Bush refuses to limit steel pipes from China
Updated: 2005-12-31 10:39
US President George W. Bush rejected a request by
U.S. manufacturers and workers to impose quotas on $154 million of steel pipe
from China, saying new limits on imports would harm the economy by raising
prices for consumers.
"I have determined that providing import relief for the U.S. steel pipe
industry is not in the national economic interest of the United States," Bush
said in a statement released by the White House. Bush is in Crawford, Texas, for
Ipsco Inc., Tyco International Ltd. and five other U.S. companies petitioned
the administration in August to impose the quotas on Chinese imports of pipes
used in plumbing, fencing and other construction. Bush is authorized to impose
the quotas or other trade "safeguards" under the terms of China's accession to
the World Trade Organization in 2001.
The companies said in their petition that currency manipulation, export
rebate programs, subsidized expansion and the absence of worker and
environmental regulations allow China to export pipe at prices below the cost of
the raw materials.
As a result, prices in the U.S. have fallen as Chinese imports have risen.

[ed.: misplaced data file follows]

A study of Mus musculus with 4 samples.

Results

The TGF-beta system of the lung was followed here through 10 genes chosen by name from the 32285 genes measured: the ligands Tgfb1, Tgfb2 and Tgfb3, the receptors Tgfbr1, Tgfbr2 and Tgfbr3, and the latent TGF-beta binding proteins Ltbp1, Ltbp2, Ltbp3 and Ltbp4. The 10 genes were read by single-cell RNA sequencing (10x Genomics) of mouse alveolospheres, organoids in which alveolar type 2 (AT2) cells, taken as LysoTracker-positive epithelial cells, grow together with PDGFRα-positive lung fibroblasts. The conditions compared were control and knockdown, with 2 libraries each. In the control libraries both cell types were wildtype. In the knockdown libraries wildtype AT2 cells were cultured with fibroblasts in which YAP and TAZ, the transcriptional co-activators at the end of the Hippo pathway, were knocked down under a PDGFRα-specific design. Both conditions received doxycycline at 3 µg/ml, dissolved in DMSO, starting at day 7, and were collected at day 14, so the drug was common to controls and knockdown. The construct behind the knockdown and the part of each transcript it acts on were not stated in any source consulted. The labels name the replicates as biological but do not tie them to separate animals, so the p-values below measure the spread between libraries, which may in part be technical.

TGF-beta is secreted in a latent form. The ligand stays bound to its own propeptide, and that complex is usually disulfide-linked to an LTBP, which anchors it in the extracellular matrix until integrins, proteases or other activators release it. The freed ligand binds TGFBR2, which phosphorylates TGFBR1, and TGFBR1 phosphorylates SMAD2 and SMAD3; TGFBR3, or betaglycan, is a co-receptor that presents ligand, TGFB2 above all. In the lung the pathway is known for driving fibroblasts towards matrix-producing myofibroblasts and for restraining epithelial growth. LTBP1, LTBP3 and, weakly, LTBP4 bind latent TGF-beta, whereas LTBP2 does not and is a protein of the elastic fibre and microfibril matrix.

Imports from China of "standard pipe" surged to $121 million in the first six
months of this year from $44 million in the same period last year, according to
Used in Construction
Chinese pipe imports, primarily used in construction, are due to increase
more than 60 percent from $154 million in 2004. The total domestic market for
the pipes is valued at $1.8 billion, according to the U.S. International Trade
Bush said that more than 50 other countries also export the product to the
U.S., and imposing limits on trade from China would be "ineffective because of
the extent to which imports from third countries would likely replace curtailed
The curbs could also cost consumers five times more than it would increase
the income of domestic producers, Bush said.
Since 2002 Bush turned down three other so-called "section 421" petitions to
curb imports from China. Two additional petitions were voted down by the
International Trade Commission before they reached his desk.
"This is obviously the end of section 421. No one will ever use it again,
ever," said Roger Schagrin, a lawyer representing the U.S. petitioners.
The latest case was pressed by the United Steelworkers of America, which said
it represented 2,500 workers at factories in Arkansas, Pennsylvania and Ohio
where the pipes are made, and by lawmakers such as Senator Arlen Specter, a
Pennsylvania Republican, and Representative Marion Berry, an Arkansas Democrat.